EARLIER this month The Motor Neurone Disease Association invited the Bucks Free Press to a special exhibition at The House of Commons.
The charity explained more about the devastating condition, the inspiration behind its current campaign and the importance of Radnage resident Steven Smith, one of its major fundraisers.
STEPHEN Hawking, the eminent scientist, is almost certainly the most famous face of Motor Neurone Disease.
The renowned physicist has communicated the wonders of physics and the universe on many television documentaries thanks to his computer aided voice, after the illness left him unable to speak by himself.
But the experience of Hawking, 69, is not typical in the sense that he has been living with it for virtually his entire adult life.
Most people die within a year or two of the onset of symptoms.
Hawking is among the portraits created by artist and sufferer Patrick Joyce, who labels him a hero, for the charity's Incurable Optimism exhibition at the House of Commons in Westminster this Winter.
Another man featured in the art work was Roy Redford, 83, from Pulborough, who began running when he was 60.
Incredibly, he has now completed 24 marathons for the association, raising £60,000 and has finished 44 marathons in total pulling in £190,000 for all his charities.
Steven Smith, 48, of City Road, Radnage, High Wycombe, said Mr Pedford had been his own inspiration.
Former Radnage Parish Councillor Mr Smith has also run numerous half and full marathons supporting the association in memory of mum Genifer.
Although Mr Smith, who is closing in on his £100,000 goal, is yet to match Mr Pedford's list of races run, his efforts were hailed as remarkable.
The charity's Chief Executive Kirstine Knox said: “It's easy to say it about Steve, he has been the most inspiring and amazing supporter of people with MND and the association.
“It's absolutely phenomenal and for a relatively small charity like ours what he’s done makes a huge impact on what we can do and we are enormously grateful to him. It's not just the money but the awareness.”
Mr Smith said he had been on a mission since his mother passed away in the 1990s.
“It's a horrendous disease, you watch people disintegrate in front of you,” he explained.
"They lose the ability to speak and you are basically a corpse with your mind all still there.
“It's a particularly devastating illness, you know what's coming, but there's no hope or treatment.”
Recently, the disease has featured more prominently in the news, with a number of high profile cases of sufferers seeking to end their own life.
Many of those who have travelled to the Dignitas clinic in Switzerland, which helps terminally ill patients end their lives, have been Motor Neurone sufferers.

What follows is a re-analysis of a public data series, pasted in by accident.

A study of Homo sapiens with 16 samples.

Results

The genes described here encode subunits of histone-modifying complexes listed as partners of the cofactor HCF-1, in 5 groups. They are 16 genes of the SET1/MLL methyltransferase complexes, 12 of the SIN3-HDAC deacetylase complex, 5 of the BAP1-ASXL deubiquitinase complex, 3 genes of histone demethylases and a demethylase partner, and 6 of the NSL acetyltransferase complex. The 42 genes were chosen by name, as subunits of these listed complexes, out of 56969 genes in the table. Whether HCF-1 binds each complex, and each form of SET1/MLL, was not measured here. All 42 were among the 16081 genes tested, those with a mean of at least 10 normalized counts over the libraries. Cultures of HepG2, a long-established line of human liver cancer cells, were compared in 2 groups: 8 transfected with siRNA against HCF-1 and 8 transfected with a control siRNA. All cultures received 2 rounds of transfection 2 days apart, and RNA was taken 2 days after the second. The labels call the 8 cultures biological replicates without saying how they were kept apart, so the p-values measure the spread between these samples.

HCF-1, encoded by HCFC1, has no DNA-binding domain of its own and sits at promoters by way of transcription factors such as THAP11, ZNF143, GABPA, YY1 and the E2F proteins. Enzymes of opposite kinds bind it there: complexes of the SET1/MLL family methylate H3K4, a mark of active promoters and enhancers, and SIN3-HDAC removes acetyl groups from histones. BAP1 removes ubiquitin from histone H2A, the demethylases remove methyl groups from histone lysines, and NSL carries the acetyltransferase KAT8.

This was featured in the recent BBC documentary by ex-BFP reporter Sir Terry Pratchett.
The MND association's vice-chair Jean Waters, another sufferer told the BFP: “When you initially are diagnosed with this completely untreatable disease and told you're only going to be living a couple of years and are going to be losing the use of both arms and legs and swallowing on the way, it is a frightening scenario.”
Said she was one of the luckier ones in that her disease progression is slow.
“The only reason its a rare disease is because most people die of it so quickly.
“So actually, you should have as many people in the population as Multiple Sclerosis (another neurological condition) for example, but there's at least 100,000 more living with that.”
The disease is still relatively lacking in profile and the Incurable Optimism campaign aims to rectify that.
Unfortunately, Mr Joyce will not be able to complete his target of finishing 100 portraits after the disease took away his ability to paint.
But the campaign carries on with a new figurehead - father-of-two and school teacher Alastair Banks.
He is taking up the Incurable Optimism baton through music, recording an album for the campaign.
“We in the MND like to show that we are not giving in to this horrible disease, we are living with it, not dieing from it,” he told guests at the Parliament event.
“We endeavour to live our lives as fully as we can despite the obvious disabilities it causes.”
Those who attended also heard talks from leading expert Professor Colin Blakemore, who declared that the disease would be beaten and said the two incurable optimists have shown a 'very special effort'.
Former Health Secretary and now Shadow Health Secretary Andy Burnham was another speaker.
He learnt about the disease through his friend and former MP Kevin Hughes, another sufferer.
“Kevin's story really got through to me and I saw the terrible effects of this incurable disease and what it does to people who are living with it,” he said, as he pledged further support to the charity's work.
Numerous politicians attended the event including Sir George Young MP and Lord Triesman.
The exhibition has finished but the charity's campaign goes on.